I parked at the pond, and stopped to watch four Emperor Dragonflies chasing each other low over the water. I could also see several damselflies about too, I waited to see if the dragonflies would settle but they didn't and with not much time available to me I decided to head off.
In the grass verge there was a clump of fungi, these are some form of fibrecap I think.
I walked towards Kitwood rather than going into the wood. I wanted to check the Violet Helleborines to see if they were in flower. And they were, not all, but a few petals at the base of the stem.
Looking closer you can see the pinkish purple markings on the petals, nothing brash, just subtle, delicate and beautiful.
I turned into the meadow at Kitwood and was greeted by a lot of flying butterflies, but unfortunately not the ones I was hoping to find. Once again the majority were Meadow Browns followed by a few Gatekeepers.
There was a single Peacock on the knapweed heads
And a very nice male Brimstone.
And this Small White on the Ragwort.
But there was no sign of any Blues or more importantly the Small Copper.
Again pressed for time I left the meadow and quickly across the field towards Old Down. The path leading in from the field has been a good spot for White Admiral before, but today there was nothing. I did though find a cousin sitting in amongst the Sweet Chestnut leaves.
A little further on a Red Admiral appeared and posed well in the open for me.
The Meadow Browns were about again, flying up from the grass as I walked by, but as I turned on to the main path there was a collection of small birds in the small bushes one of which was a male Blackcap.
I think it must have had a bath somewhere, probably in a puddle.
The bramble on the path towards Old Down Cottage was now in full sunlight and the butterflies continued to appear, this Speckled Wood.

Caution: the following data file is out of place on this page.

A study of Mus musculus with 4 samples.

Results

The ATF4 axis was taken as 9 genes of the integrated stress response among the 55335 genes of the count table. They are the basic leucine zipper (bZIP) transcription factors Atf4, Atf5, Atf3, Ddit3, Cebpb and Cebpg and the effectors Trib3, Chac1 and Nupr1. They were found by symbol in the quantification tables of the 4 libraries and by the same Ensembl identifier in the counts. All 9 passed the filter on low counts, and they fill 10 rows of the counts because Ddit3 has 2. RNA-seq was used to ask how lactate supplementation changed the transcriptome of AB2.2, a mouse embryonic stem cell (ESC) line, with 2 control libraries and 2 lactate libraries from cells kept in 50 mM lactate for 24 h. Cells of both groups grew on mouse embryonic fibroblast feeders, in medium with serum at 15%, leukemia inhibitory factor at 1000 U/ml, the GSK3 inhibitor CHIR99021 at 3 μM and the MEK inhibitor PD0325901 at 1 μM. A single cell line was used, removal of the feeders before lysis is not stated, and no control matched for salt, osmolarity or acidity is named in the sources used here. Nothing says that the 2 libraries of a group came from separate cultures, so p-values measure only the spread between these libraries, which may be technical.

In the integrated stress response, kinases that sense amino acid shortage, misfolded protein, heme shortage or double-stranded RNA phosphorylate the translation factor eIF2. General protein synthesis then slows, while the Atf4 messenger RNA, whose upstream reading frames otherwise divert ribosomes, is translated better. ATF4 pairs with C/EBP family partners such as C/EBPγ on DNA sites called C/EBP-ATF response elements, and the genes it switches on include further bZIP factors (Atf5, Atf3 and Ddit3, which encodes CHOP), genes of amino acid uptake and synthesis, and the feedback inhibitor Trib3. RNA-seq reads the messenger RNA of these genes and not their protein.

A Green-veined White.
And several Large Whites
There was also a Southern Hawker in the same spot as I had seen it last month, and once again I watched it springing the grass stems. I could not find any sign of the White Admiral though. As I walked out of the wood I noticed a Comma by the thistles, which then flew into the field. As I hadn't seem a Comma here for awhile I decided to walk through the gap into the field to try and find. I am really glad that I did that.
I found the Comma but it wouldn't settle for a photograph, but I did mange to find this Essex Skipper.
The skipper flew off away from the thistles and over the small Mayweed that was thick atthe end of the barley in the field. As it did I noticed an orange butterfly on the ground, closer look revealed the one I was looking for a Small Copper.
There were in fact three present, and they all looked pristine as if they had just emerged. They flew to the flower heads but didn't stay long preferring to settle on the dry earth in the sunshine.
There was a lot of activity over the Mayweed, and in amongst the skippers and Gatekeepers I picked out a blue, it was a Common Blue and was nectaring on the flower head.
There were two Common Blues and they were flying around dueling every so often. As they were flying about a darker butterfly but slightly smaller joined them. I followed it about willing it to settle. Finally it stopped on a Mayweed, and my hopes were confirmed, a Brown Argus.
Slightly opening the wings
Then finally showing the underside.
Brown Argus is my 27th butterfly for the patch, and with Small Copper making 26 for the year.
I left the field, and thanked the Comma for leading me in and then headed back to the car at the pond where a Moorhen was feeding in amongst the lilies, and the dragonflies continued to circle the pond.
Only a short visit, but a very successful one.